Attention ninth and 10th graders in Philadelphia district-run and charter schools: If you would like to be an advisory member of the Philadelphia Board of Education, you can apply between now and April 28.
For next school year, the board is making changes to its requirements for its non-voting student advisory members. Instead of seniors, it wants sophomores and juniors. And in addition to the two members, the school board plans to appoint an alternate.
The student members provide the board feedback about a variety of issues through regular reports, said Sarah-Ashley Andrews, the board’s liaison to the student advisory members. Each year, the student members have a different focus, from mental health to advocacy for more school funding. This past year, they participated in the superintendent selection process.
This year, the board is also making a special outreach to students at charter schools to apply.
“We are hoping one of the three spots goes to a charter student,” said Shakyra Greene, program manager for the board. “Charters are one third of the district, and it’s important they participate and have their voices heard.”
Of the more than 197,000 students who attend publicly funded schools in the city, some 64,500 are in brick-and-mortar charters, and another 13,000 are in cyber charters. Since 2018, only one student advisory board member has been from a charter school. (The five-member School Reform Commission, which governed the district between 2001 and 2018, never had student advisory members.)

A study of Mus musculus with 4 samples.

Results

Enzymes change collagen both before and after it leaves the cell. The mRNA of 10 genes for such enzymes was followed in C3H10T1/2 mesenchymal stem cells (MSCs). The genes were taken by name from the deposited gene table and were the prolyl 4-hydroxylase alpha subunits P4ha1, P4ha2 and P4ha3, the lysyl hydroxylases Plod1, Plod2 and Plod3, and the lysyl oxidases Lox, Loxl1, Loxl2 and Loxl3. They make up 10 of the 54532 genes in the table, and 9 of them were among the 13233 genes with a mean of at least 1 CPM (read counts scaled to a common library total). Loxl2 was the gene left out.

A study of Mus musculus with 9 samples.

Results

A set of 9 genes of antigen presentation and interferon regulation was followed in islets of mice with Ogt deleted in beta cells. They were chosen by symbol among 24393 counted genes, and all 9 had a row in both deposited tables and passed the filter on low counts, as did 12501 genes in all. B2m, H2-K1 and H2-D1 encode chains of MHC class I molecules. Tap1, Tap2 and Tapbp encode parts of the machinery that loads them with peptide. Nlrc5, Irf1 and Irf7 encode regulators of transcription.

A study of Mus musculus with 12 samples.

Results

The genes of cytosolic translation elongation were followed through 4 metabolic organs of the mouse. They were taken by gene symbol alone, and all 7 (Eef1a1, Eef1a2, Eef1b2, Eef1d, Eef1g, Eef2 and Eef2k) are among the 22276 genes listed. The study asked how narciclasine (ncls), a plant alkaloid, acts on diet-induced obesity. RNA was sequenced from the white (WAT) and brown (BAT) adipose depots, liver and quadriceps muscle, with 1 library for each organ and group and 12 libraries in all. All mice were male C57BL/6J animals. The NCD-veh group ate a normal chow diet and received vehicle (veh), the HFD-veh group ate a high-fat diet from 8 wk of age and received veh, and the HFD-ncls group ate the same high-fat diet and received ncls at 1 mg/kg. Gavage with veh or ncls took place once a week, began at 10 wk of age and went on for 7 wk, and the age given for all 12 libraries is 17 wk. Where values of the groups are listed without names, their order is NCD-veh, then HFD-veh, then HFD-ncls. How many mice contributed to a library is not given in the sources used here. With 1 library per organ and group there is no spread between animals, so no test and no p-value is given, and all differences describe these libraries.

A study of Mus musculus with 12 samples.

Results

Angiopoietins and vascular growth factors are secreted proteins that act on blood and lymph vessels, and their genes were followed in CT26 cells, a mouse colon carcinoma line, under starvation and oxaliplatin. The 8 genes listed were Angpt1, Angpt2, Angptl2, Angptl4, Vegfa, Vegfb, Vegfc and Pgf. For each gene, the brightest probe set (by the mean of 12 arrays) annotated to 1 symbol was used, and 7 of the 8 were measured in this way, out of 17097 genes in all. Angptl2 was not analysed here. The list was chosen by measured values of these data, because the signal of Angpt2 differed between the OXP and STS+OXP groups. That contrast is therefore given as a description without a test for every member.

Applicants need to have at least a 2.5 grade point average and “be actively involved in their school community,” according to the application.
The board is seeking sophomores and juniors to serve on the board next year “because we found seniors to be focused on the next stage for their lives,” Andrews said. “We don’t want that to be a deterrence and want them to enjoy their senior year.”
The addition of an alternate is “to make sure somebody is in place if one member” leaves, Andrews said. The alternate member will go through the same orientation process as the two others, and will be asked to attend all the board meetings, at least remotely.
At the March board meeting, Central High School student Jeron Williams II chastised the board for leaving Speech’s seat open.
“From day one, there was no plan to fill Love’s seat. The board has yet again shortchanged our students,” Williams II said.
Greene said that between 30 and 80 students have applied for the position in each of the past five years, and that the number has dipped post-pandemic. “The first few years, it hovered around the 70-80 mark, and we hope this year to get the numbers back up,” she said.
Student applicants for the positions are vetted through a committee that includes representatives from various youth advocacy groups including the Philadelphia Student Union, the Philadelphia Youth Commission, and UrbEd, as well as the mayor’s Office of Youth Engagement. These and other groups forward five finalists to the superintendent, who then chooses the members and the alternate.
Dale Mezzacappa is a senior writer for Chalkbeat Philadelphia, where she covers K-12 schools and early childhood education in Philadelphia. Contact Dale at firstname.lastname@example.org.